Countless companies around the world have developed and perfected sophisticated and multifaceted algorithms which are the intellectual property (IP) lifeblood of their business. Imagination and innovation have enabled thousands of these companies to conquer the free market and be prosperous. In the US, however, that extremely valuable commodity—intellectual property—could be jeopardized if a government agency (ironically, the Commodity Futures Trading Commission—CFTC) succeeds in doing what they propose.
Just think about how our world has changed with technology making our lives more efficient and effective due to sophisticated technological IP used every single day. Things we take for granted like a simple Google search use these proprietary algorithms—the underlying heart which is based upon something called “source code”. It is that source code (developed, many times, over years and costing millions of dollars) which makes things like weather forecasting and traffic predictions possible. It makes on-line shopping more convenient and expedient, and it provides health and safety protection to our citizens. Going into the future, source code will be utilized in digital currencies and block chain applications, drones, self-driving cars and many other facets of contemporary life.
Source code is also used in financial markets, which is where this little commodity agency that not many people know, comes into play. The CFTC has proposed that proprietary source code (even if protected by intellectual property and trade secret rights) be given to the government upon request as part of the regular books and records available for inspection. Source code is not only used by traders, banks and others to implement their many market methodologies, but by trading venues like the Chicago Mercantile Exchange (CME) and the New York Stock Exchange (NYSE) which provide the intensely intricate and important backbone fundamentals of our modern financial system.
The major problem with the government getting a hold of this highly-sensitive, proprietary source code IP is that it could be stolen or otherwise compromised in some fashion. Such a risky policy prescription could place at precarious peril the essence and basic existence of a company.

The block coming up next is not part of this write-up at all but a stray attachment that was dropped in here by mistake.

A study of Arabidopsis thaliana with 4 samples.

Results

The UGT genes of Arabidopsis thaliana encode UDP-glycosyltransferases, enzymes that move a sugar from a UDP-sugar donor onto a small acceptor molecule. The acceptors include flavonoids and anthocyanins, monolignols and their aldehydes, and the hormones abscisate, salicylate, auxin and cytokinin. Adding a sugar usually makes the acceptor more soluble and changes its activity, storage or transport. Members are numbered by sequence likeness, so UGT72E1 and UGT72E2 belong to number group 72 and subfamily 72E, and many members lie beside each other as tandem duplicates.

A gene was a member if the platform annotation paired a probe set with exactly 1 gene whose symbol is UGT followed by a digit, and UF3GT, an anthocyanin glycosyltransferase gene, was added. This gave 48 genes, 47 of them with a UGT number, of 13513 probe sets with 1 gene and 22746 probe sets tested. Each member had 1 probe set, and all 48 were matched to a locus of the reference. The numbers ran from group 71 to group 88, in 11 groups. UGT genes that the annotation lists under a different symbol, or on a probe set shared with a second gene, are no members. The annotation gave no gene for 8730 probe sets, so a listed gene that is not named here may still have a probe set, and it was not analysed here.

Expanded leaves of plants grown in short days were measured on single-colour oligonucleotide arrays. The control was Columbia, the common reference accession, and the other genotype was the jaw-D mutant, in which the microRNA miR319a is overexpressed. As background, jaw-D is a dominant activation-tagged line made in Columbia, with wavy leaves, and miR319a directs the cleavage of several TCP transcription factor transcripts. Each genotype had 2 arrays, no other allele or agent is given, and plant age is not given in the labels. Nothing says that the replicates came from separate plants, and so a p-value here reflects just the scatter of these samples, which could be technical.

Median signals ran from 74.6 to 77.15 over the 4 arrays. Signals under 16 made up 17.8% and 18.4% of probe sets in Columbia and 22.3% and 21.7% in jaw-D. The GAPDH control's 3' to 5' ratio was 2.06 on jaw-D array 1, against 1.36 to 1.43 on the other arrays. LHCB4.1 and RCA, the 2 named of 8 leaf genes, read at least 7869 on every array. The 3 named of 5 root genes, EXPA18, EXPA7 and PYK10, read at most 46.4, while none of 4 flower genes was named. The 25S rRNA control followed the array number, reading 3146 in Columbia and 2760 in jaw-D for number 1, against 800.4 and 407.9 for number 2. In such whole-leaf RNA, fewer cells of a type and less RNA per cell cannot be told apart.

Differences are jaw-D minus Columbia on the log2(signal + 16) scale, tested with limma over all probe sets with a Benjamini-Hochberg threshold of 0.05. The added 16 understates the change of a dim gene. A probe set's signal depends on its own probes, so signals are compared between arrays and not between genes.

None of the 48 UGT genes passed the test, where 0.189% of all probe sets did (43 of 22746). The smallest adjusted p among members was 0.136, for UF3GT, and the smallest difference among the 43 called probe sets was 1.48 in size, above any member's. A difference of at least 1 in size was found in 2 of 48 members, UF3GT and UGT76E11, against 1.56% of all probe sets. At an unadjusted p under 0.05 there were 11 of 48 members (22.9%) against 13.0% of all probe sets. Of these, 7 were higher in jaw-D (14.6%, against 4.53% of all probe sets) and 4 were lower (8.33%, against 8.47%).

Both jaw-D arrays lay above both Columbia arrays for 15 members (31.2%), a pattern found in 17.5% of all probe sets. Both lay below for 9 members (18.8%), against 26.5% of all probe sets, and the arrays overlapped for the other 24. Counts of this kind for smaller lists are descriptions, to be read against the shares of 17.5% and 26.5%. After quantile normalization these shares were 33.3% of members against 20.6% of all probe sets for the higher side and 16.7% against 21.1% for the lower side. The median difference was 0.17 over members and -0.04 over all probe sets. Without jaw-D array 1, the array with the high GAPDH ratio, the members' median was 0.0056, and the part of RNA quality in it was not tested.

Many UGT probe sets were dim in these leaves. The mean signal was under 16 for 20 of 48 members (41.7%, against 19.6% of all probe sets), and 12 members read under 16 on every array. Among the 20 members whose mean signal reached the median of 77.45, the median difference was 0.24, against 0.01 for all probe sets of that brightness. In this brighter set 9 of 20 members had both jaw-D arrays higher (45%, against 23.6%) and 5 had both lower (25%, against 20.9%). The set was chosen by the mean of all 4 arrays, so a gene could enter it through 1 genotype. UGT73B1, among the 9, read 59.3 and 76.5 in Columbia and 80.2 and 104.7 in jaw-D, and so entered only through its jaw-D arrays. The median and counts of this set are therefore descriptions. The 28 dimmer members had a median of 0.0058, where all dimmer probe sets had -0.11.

Why should companies trust government with such sensitive source code IP data? They should not. We have witnessed many cyber-attacks, hacks and the outright stealing of sensitive information from our government.
Even after repeated warnings of persistent system vulnerabilities and/or failings, last year the US Office of Personnel Management (OPM) was hacked and the criminals accessed 21.5 million records. I am, unfortunately, one of them. And, it wasn’t just simple DOB and Social Security data that was accessed. Those in highly-sensitive and national security-related jobs (like the one I had) file a Standard Form (SF)-86. The hackers had access to the SF-86s which include deets about financial holdings, family members and friends. No matter, the government offered a free credit score checking service (how nice!).
The OPM hack wasn’t the only security breach, of course. In fact, even the very Agency—the CFTC—which seeks to have access to source code was hacked in 2012. I was lucky, yet again. As a CFTC Commissioner at the time, criminals had access to my personal and sensitive private deets. At the time, we believed the data breach was limited to the roughly 700 CFTC employees, but we all knew that it would not have been a far fetch for the hackers to gain data and details on traders or exchanges. That is exactly why the CFTC’s current source code proposal is fundamentally fatally flawed.
Oh, and by the way, in recent months the Federal Reserve, Federal Deposit Insurance Corporation and even the Internal Revenue Service were all hacked. Can government keep data safe and secure? Sure. Not!
The adoption of the CFTC regulation would set a horrendous precedent for all company IP. After 30 years in government, one thing I know for sure is that if one department or agency institutes a policy (like having access to source code IP)…watch the heck out! Another, and another and another…will soon follow.
If companies want to ensure their source code IP is protected, they may take notice of this seemingly small, innocuous proposal. If there is an opportunity (which there might be) they may seek to have their voices heard.